Main Concepts

Protons and Electrons

For every proton in an atomic center, somewhere, in an orbital, there will be an electron. A proton carries a positive charge (+) and an electron carries a negative charge (-), so the atoms of elements are neutral, all the positive charges canceling out all the negative charges.

Atoms differ from one another in the number of protons, neutrons and electrons they contain. However their arrangement always follows the same set of principles.

A Matter of Stability

Hydrogen and helium illustrate the fact that not all atoms have the same properties. Both are gasses, but hydrogen gas is violently explosive, whereas helium gas is completely inert and cannot be made to undergo any kind of chemical reactions under normal circumstances.

Atoms of hydrogen have a single proton in their center and a single electron in the lowest energy level. Helium atoms, on the other hand, have two protons and two electrons in the lowest energy level. The lowest energy level is filled with its maximum number of electrons. This is a very stable arrangement, and helium in consequence is an inert gas with few chemical properties.

Hydrogen only has one electron in its lowest energy level. This is a very unstable arrangement, and hydrogen gas undergoes a variety of reactions so as to reach a stable electron configuration where its energy level is either empty of electrons, or filled with electrons.

Atoms are at their most stable when their outermost energy level is either empty of electrons or filled with electrons.


Sodium atoms have 11 electrons. Two of these are in the lowest energy level, eight are in the second energy level and then one electron is in the third energy level. This is a very unstable arrangement, and the element sodium is a highly reactive, deadly white semi-solid that will burst into flames on exposure to the air or will burn through human flesh on contact. A reactive substance.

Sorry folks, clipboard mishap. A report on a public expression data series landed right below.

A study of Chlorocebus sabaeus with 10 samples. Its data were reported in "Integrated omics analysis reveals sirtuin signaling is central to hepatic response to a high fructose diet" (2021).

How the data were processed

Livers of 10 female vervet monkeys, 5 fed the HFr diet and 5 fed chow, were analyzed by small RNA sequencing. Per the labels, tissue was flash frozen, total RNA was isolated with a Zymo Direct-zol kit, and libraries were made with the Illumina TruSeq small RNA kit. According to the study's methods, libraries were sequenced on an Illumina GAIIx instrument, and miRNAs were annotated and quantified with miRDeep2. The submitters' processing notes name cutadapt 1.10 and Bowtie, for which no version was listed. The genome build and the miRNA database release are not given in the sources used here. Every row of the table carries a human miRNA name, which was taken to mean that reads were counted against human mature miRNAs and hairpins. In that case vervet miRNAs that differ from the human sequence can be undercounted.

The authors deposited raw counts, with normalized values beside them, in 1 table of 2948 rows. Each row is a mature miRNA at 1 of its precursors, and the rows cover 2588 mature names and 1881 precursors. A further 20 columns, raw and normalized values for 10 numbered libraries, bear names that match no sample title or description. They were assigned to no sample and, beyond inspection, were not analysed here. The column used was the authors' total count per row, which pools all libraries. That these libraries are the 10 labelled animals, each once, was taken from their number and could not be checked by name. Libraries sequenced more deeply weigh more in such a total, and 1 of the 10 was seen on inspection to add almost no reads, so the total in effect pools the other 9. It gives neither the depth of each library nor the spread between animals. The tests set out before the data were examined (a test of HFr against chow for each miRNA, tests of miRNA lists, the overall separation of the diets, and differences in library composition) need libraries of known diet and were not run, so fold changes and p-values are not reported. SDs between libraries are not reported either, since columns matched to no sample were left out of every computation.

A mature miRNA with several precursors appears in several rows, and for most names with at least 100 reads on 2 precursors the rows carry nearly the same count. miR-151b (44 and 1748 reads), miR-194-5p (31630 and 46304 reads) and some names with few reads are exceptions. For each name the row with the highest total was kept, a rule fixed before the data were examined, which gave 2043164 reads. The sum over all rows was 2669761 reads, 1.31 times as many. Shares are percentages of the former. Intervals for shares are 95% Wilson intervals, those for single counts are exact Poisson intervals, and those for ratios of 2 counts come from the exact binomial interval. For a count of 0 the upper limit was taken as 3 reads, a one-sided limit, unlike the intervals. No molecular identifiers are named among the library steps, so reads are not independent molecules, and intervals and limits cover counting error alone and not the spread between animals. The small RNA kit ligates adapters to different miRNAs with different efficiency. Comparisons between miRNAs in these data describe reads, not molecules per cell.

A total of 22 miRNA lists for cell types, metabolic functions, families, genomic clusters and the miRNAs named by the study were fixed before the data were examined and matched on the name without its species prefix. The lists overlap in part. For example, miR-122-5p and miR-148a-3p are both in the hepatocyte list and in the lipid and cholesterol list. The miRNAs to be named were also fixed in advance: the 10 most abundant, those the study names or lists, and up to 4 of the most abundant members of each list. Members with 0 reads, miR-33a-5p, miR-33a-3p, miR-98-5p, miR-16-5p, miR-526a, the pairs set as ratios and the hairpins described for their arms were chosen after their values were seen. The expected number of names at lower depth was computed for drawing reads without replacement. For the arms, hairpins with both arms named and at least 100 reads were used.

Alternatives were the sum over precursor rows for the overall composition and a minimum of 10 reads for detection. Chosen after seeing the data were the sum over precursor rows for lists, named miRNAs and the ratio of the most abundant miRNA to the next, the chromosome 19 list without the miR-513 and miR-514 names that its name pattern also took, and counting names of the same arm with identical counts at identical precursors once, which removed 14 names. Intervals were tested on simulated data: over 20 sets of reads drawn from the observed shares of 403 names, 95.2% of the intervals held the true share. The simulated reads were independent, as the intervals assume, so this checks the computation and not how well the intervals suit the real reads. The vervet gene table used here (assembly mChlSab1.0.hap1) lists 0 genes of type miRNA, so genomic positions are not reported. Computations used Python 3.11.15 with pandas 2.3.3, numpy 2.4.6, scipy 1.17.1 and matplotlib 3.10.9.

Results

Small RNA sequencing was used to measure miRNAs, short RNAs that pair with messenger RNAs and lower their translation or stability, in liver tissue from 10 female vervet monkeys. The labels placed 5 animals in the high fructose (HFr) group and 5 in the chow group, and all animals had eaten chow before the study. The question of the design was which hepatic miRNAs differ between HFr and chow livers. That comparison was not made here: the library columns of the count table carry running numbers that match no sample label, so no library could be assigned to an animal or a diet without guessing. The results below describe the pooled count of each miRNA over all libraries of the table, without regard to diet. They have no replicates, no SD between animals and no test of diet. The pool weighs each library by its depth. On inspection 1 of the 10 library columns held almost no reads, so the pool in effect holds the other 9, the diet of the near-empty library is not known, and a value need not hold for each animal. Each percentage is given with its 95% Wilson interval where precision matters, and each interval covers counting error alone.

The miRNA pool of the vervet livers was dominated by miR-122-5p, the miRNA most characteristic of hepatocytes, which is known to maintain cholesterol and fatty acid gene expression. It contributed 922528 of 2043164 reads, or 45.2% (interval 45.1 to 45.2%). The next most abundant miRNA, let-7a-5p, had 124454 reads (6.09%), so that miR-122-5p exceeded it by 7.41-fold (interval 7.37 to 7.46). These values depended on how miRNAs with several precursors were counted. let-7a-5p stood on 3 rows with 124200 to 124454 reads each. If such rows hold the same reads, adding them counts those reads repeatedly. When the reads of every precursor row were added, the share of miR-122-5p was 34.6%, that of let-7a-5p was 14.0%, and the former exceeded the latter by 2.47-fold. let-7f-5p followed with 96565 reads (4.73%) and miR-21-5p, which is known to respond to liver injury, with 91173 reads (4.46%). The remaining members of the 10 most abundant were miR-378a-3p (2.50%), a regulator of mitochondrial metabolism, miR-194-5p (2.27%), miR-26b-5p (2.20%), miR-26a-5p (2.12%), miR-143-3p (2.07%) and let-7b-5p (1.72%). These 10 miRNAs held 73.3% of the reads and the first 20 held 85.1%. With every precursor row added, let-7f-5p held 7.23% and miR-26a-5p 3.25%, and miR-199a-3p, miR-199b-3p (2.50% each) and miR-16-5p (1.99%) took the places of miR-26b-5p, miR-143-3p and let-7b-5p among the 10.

Chlorine atoms have 17 electrons. Two in the lowest, eight in the second and 7 in the third energy level. This too is a very unstable arrangement. This element is a gas at room temperature and was used in World War One as a poisonous attack weapon because of its high reactivity with human lungs. These two atoms were made for one another.

Sodium atoms readily give up the single electron in the outermost orbital. This electron is immediately picked up by a chlorine atom and fitted into the last empty space in its outermost orbital. Now both atomic arrangements are much more stable. They both have outermost orbitals which are filled with electrons.

However, there is a price to be paid for this stability. In giving up an electron, the sodium atom has lost a negative electrical charge. It still has all its positively charged protons, so the remaining structure is no longer electrically neutral. It has a net positive charge (+). Similarly, the chorine atom has picked up this extra negative charge and no extra protons, so it is now carrying a net negative charge (-).

These new atomic arrangements are called ions, and the process of electron exchange is called ionization.

Ionic Bonds

Ionic bonds are a type of linkage formed from the attraction between oppositely charged ions. Such bonds are created when the outermost electrons of one atom (such as sodium) are transferred permanently to another atom (such as chlorine). The atom that has lost an electron becomes a positively charged ion (called a cation), while the atom that picks up the extra electron becomes a negatively charged ion (called an anion).

Opposite charges attract one another while similar charges repel one another. So, the ions orient themselves in such a way that every positive ion becomes surrounded by negative ions and every negative ion becomes surrounded by positive ions. The ions so arrange themselves that the positive and negative charges alternate and balance one another out.

Sodium chloride is a solid food additive that is more stable than either of its constituent parts, all because the outermost energy levels of its atoms are filled with electrons.